The United States’ Taylor Knibb earned an Olympic spot and her first overall WTCS victory, and fellow American Morgan Pearson finished on the podium for the first time to nab an Olympic spot of his own. Read about the emergence of the two American athletes and recap the weekend of racing in this week’s edition of Last Weekend Now.
Despite being the No. 1-ranked athlete in the world, the strong American line-up for the women (by far the strongest in the world) means that 2019 world champ Katie Zaferes is now battling for a spot on the Olympic team.
The women dive in at Yamashita Park for a high-stakes day of racing.
The nine-lap 40K bike course makes for fast technical racing and plenty of opportunities to keep an eye on the competition.
Katie Zaferes spent much of the bike trying to catch up to the leaders. It’s a rare position for Zaferes, who usually comes out of the water near the front and stays there.
Norway’s Solveig Løvseth leads a pack through a sharp turn on course.
The US’s Taylor Knibb apparently used 2020 wisely, emerging from this Yokohama event with her first WTCS win, an Olympic spot, and the potential to podium in Tokyo.
Taylor Spivey (shown here behind Great Britain’s Sophie Coldwell) is also fighting for the last spot on the most competitive Olympic team in the sport. She went on to finish fourth and will hope to make her case at one last WTCS race in Leeds on June 5.
Great Britain’s Non Stanford leads USA’s Kristin Kasper and others on the run. Kasper, like Spivey (on Kasper’s left shoulder), is hoping to be picked for that final USA Olympic team spot now that Summer Rappaport and Taylor Knibb have claimed the two automatic slots.
USA’s Summer Rappaport earned her spot at the Tokyo Test Event in 2019. Her second place finish in Yokohama was proof that she’s still more than worthy of her place on the Olympic team.
The day did not play out as Zaferes had hoped. She’s had a rough preparation with her dad passing away unexpectedly in April.
“Resiliency check complete,” she wrote on Instagram. “I always knew this race was going to be challenging, even in the best of circumstances. It was a bit sooner than I was ‘ready’ for, but also something I needed to do. The thing about a place number, no matter what that place is, is that it never reveals the whole journey. Part makes me feel like that’s not me, and another part is so proud of that number. All is there within me, and I know this. So onwards we go as this journey continues.”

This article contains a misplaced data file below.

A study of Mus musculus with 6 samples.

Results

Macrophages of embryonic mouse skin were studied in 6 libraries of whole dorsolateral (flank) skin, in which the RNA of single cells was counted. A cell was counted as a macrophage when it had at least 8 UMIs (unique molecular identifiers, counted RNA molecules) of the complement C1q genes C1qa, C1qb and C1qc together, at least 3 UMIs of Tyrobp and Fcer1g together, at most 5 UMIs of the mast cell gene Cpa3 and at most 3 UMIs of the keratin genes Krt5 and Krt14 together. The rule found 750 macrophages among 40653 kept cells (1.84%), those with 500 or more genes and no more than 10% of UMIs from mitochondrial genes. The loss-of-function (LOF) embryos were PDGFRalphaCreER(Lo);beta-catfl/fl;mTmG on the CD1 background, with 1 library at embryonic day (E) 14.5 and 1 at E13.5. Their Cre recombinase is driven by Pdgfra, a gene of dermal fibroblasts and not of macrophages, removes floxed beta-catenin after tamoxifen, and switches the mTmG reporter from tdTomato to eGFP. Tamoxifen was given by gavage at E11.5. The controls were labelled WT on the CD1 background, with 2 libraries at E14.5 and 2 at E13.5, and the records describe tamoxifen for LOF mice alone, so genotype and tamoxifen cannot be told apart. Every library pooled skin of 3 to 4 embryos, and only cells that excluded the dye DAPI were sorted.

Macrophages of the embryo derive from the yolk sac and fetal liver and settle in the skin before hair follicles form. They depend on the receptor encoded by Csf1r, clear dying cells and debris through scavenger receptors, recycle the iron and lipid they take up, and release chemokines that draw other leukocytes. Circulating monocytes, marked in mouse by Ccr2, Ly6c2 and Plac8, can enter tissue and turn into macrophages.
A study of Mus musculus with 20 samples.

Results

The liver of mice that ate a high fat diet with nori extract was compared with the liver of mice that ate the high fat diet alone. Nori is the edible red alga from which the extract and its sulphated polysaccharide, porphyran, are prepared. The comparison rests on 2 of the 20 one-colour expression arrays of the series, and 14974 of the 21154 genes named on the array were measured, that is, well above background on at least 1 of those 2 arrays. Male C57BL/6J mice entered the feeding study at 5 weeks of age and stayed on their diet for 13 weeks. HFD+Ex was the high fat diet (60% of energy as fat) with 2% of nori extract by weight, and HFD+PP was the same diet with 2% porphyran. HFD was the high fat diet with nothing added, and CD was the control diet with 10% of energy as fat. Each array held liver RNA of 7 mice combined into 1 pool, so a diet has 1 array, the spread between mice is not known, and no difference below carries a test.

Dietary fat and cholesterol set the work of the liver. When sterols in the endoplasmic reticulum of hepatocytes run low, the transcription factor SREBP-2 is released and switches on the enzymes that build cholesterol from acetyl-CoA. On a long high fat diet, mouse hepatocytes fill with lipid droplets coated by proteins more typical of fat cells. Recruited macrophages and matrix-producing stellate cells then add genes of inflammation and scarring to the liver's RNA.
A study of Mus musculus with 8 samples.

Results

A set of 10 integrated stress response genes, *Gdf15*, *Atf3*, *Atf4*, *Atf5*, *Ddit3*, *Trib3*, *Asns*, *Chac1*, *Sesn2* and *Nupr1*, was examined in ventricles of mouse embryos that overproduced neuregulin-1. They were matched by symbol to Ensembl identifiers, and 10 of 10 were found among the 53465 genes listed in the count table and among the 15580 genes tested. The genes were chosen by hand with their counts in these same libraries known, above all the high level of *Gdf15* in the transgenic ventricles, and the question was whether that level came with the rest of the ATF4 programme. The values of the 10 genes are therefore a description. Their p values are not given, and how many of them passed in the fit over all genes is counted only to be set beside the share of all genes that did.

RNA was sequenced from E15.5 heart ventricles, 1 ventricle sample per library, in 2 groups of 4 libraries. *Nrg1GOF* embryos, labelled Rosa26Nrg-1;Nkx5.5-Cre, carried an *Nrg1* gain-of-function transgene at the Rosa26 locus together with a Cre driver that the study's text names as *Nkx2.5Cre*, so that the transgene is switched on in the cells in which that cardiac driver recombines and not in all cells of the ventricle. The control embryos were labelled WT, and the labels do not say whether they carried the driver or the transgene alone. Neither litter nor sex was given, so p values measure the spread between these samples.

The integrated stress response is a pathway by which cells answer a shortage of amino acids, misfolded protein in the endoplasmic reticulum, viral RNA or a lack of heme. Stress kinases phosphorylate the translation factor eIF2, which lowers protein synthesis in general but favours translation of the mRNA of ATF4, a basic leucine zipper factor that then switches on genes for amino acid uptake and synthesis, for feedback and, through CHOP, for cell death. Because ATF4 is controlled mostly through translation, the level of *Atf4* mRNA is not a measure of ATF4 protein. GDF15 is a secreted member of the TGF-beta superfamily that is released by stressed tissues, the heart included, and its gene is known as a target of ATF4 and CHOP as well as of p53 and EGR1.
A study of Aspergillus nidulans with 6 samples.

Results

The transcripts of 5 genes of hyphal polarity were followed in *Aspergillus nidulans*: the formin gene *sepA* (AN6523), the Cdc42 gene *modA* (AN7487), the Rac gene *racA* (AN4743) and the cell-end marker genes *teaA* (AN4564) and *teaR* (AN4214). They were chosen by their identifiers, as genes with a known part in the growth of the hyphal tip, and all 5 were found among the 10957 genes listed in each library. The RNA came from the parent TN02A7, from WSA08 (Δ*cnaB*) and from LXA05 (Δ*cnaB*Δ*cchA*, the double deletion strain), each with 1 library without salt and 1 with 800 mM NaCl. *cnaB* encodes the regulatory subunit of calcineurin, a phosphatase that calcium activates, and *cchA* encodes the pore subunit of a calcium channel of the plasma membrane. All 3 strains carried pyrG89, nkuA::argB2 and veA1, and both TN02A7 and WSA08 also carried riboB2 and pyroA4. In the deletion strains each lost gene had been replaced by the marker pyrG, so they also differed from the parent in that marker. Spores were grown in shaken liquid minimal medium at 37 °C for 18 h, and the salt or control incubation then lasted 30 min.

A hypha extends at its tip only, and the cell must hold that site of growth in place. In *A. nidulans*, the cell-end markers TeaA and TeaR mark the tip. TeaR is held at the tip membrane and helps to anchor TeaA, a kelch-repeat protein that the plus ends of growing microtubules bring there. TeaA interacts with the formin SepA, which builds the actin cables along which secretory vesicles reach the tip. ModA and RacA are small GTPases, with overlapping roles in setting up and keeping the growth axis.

Future Olympians! Knibb greets American teammate Rappaport at the finish line. The two went 1-2 on the podium.
The Netherlands’ Maya Kingma, who finished in the final podium spot, greets Knibb at the finish line after the duo broke away on the bike to establish a dominant lead they just held onto on the run.
Soon after the women’s race, the men got their turn to battle it out. Ben Kanute—who has mostly transitioned to half-iron distance racing—is trying to make his second Olympic team. Here he gathers himself before diving in for the 1.5K swim.
The men dive in for 100 minutes of fast and furious racing.
USA’s Eli Hemming was hoping to make a case for himself as a discretionary pick for the team, but suffered a mechanical later in the race.
USA’s Kevin McDowell was one of several American men hoping to finish in the top eight and earn an Olympic spot.
Pearson raced all-out from the gun, coming out of the water 18 seconds off of swim leader Vincent Luis, then keeping himself in the large front pack on the bike and in contention throughout.
Norway’s Kristian Blummenfelt leads the front group on his way to the second series win of his career.
Yokohama has delivered tough conditions in the past, but conditions on Saturday were ideal.
The event was not just a test for the athletes; it was also a test for event organizers in Japan, who are working to keep everyone healthy and safe before, during, and after the Olympics.
Blummenfelt laid down a 29:26 10K, the fastest of the day, on his way to the victory.
Great Britain’s Jonathan Brownlee greets teammate Tom Bishop after finishing 23rd and 22nd, respectively. The British men are trying to earn a third spot for the Olympics; right now, they only qualify for two.
Pearson breaks down after realizing that he will be headed to the Olympics. It was especially emotional for Pearson, as he took a month off of training earlier this spring after the sudden death of his brother.
Pearson takes his spot on the podium for the first time.
Pearson (third), Blummenfelt (first), and Belgium’s Jelle Geens (second) stand atop the podium.